Ok, so this is a way that I figured out how to fix broken fuel tank sender studs on the 1g awd. Its almost the same as the other article found here Replacing broken fuel pump studs
but there are a couple different steps; a little more time consuming, but not by much. In all, I think its a better, and less doubtful route to take (the JB weld part didnt look too appealing to me). Here we go:
Perferably a rubber mallot or plastic headed hammer to prevent sparks
1/8 and 3/16 drill bits
6mmX1.00 tap and the handle that goes with it
Small file or sandpaper
6mmX1.00 stainless steel bolt, nut and small washer
5mmX.8 die for the original studs
TIME- about 2 hours (inlcudes emptying out trunk and putting everything back)
Just like in the other article, put a cap over the fuel line and take the sending unit out of the tank and use the plastic cap from a grease can or a peanut can, or whatever you can find to fit over the hole and blow away any dirt away from the opening. I didnt drain my tank because I didnt want to but if you feel you must do so to feel safer, then drain it. But its really not necessary.
Here is now where the steps change; instead of drilling through the stud and the tank, just take a chisel or screwdriver and chisel away at the outer flange to remove the whole stud and surrounding surface. Mine is pretty rusted as you can see.
Find the center of where the new bolt will go by either eyeing it up really good or you can put the sender back on then use a center punch to make your mark for drilling. I first used a 1/8 drill bit then went to a 3/16 bit. I didnt worry too much about metal shavings because I would be cleaning them up at the end anyways.
Take a 6mmX1.00 tap and tap out the hole you just drilled. Its gonna need a little finagling to get the tap started since the hole is a tiny bit smaller than the tap, but it will work just fine nonetheless.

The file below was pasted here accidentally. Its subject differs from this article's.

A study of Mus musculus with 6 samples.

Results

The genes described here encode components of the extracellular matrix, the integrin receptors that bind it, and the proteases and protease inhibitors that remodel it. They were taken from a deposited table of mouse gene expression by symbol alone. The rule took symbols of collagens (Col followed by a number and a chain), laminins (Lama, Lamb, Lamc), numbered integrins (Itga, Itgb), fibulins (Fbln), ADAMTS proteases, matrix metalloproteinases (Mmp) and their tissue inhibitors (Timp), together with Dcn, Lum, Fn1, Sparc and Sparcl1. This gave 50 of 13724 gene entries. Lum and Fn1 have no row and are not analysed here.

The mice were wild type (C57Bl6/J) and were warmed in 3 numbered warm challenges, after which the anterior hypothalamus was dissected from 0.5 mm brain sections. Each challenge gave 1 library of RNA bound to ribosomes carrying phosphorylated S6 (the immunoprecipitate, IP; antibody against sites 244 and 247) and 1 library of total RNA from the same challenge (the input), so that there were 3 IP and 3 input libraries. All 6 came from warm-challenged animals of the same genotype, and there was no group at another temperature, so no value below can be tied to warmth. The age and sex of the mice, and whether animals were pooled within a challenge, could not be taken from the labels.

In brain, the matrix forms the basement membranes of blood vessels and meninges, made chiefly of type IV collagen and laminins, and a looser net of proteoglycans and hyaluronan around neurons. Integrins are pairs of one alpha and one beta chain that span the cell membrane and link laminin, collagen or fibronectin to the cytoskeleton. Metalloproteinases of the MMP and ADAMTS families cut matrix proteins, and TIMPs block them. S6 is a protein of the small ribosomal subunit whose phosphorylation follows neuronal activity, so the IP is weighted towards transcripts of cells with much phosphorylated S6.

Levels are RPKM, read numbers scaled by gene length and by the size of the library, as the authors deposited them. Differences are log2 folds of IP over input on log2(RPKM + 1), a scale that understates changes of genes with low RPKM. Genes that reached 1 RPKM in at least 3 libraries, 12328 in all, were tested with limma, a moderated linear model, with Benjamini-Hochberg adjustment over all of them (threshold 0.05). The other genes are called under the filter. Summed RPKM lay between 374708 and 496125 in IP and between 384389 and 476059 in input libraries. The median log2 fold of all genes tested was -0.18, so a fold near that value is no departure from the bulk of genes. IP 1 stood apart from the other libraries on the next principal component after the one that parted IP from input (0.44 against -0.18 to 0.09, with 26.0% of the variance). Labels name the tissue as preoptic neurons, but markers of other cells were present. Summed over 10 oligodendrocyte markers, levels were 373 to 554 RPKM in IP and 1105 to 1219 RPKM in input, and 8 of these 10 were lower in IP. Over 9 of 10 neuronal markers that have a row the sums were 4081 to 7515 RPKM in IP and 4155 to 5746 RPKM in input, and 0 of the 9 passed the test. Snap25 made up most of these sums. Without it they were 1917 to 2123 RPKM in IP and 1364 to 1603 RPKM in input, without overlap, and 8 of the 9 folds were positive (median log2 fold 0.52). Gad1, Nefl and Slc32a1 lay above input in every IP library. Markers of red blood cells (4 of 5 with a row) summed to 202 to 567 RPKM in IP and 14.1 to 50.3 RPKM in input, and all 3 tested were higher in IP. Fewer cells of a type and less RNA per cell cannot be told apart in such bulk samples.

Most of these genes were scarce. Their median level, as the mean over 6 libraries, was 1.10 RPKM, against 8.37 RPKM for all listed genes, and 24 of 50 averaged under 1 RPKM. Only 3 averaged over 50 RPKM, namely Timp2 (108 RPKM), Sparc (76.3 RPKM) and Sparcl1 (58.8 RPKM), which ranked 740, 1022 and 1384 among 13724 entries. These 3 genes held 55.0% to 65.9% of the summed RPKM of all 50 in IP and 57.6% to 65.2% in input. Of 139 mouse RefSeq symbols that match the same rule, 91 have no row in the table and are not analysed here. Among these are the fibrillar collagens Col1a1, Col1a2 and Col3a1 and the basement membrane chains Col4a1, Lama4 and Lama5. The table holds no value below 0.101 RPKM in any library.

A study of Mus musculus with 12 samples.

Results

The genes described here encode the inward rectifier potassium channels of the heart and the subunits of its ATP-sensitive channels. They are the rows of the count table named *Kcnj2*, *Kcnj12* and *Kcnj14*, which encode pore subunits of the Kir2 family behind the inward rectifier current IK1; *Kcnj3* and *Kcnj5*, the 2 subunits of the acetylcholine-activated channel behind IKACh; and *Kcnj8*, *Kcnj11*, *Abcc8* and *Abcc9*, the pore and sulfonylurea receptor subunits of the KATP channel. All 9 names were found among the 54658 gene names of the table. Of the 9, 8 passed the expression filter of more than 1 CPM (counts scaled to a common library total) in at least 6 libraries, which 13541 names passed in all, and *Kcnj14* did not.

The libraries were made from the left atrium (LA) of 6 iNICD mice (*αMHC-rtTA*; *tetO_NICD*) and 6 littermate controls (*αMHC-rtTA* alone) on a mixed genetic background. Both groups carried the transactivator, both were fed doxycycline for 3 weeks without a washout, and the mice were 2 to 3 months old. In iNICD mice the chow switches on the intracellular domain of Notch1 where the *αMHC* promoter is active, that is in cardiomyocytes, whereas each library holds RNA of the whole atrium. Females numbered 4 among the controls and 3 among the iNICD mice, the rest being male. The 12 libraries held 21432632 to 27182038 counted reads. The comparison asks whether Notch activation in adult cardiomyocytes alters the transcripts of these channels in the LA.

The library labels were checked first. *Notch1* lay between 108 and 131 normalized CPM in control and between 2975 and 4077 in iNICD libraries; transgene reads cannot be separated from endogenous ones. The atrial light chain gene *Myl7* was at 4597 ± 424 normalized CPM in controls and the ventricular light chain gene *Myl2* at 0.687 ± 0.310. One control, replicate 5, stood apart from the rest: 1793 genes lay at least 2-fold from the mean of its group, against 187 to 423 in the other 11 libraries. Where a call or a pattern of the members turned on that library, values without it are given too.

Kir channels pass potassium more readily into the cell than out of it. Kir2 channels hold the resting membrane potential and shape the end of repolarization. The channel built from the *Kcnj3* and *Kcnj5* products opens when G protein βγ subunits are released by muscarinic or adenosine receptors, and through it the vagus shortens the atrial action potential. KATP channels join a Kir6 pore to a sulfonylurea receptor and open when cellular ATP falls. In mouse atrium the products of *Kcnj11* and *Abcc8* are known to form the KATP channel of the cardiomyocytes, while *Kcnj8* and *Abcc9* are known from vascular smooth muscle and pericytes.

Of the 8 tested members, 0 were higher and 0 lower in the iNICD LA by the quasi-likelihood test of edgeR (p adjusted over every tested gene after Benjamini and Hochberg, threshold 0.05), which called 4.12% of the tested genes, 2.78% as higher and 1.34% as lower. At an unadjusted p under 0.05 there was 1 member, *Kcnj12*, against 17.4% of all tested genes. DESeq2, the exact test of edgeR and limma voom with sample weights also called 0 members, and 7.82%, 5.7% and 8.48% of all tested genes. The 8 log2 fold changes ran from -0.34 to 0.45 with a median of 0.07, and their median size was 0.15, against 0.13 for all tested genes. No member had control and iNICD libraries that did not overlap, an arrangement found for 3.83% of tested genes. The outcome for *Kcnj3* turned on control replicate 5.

I used a broken file to deburr the inside of the tank, you can use sandpaper if you wish to.
I then used a magnet to pick up all the shavings and whatever other rust particles that fell into the tank; you need to clean the magnet pretty often to prevent the metal from falling off again back into the tank.
Now, mix up some 5 minute epoxy and put some on the bottom of the bolt head and carefully screw it up into the hole you just tapped out (from the inside of course), snug it up a little so it has a nice seal to the inside of the tank. Make some more epoxy and put around the top of the tank around the bolt and use a small washer and nut and tighten everything nice and tight. No need to be a muscle man, but just make it tight.
Although the picture doesnt show it well enough (didnt feel like dropping my phone in the gas tank), the height of the nut and washer are still below the surface of the sealing flange for the sender gasket, just like the original stud plate; so you'll still get a great seal for the gasket. You did get a new gasket, right?
Then I grabbed a 5mmX.8 die and just cleaned up the rest of the studs and applied antiseize to all six studs.
I had to very slightly bore out the sender for the new stud to go through, but not much. Put the gasket on the sender and install sender onto tank. Tighten all the nuts using an across tightening pattern. I applied antiseize to the tops of the nuts and on the fuel line flare nut as well to prevent future seizing/breaking.
Thats it for that, I hope this helps you all. I plan to do this to the rest of the studs regardless if they break or not because I like the idea of a beefier stud than a little bitch one. Enjoy!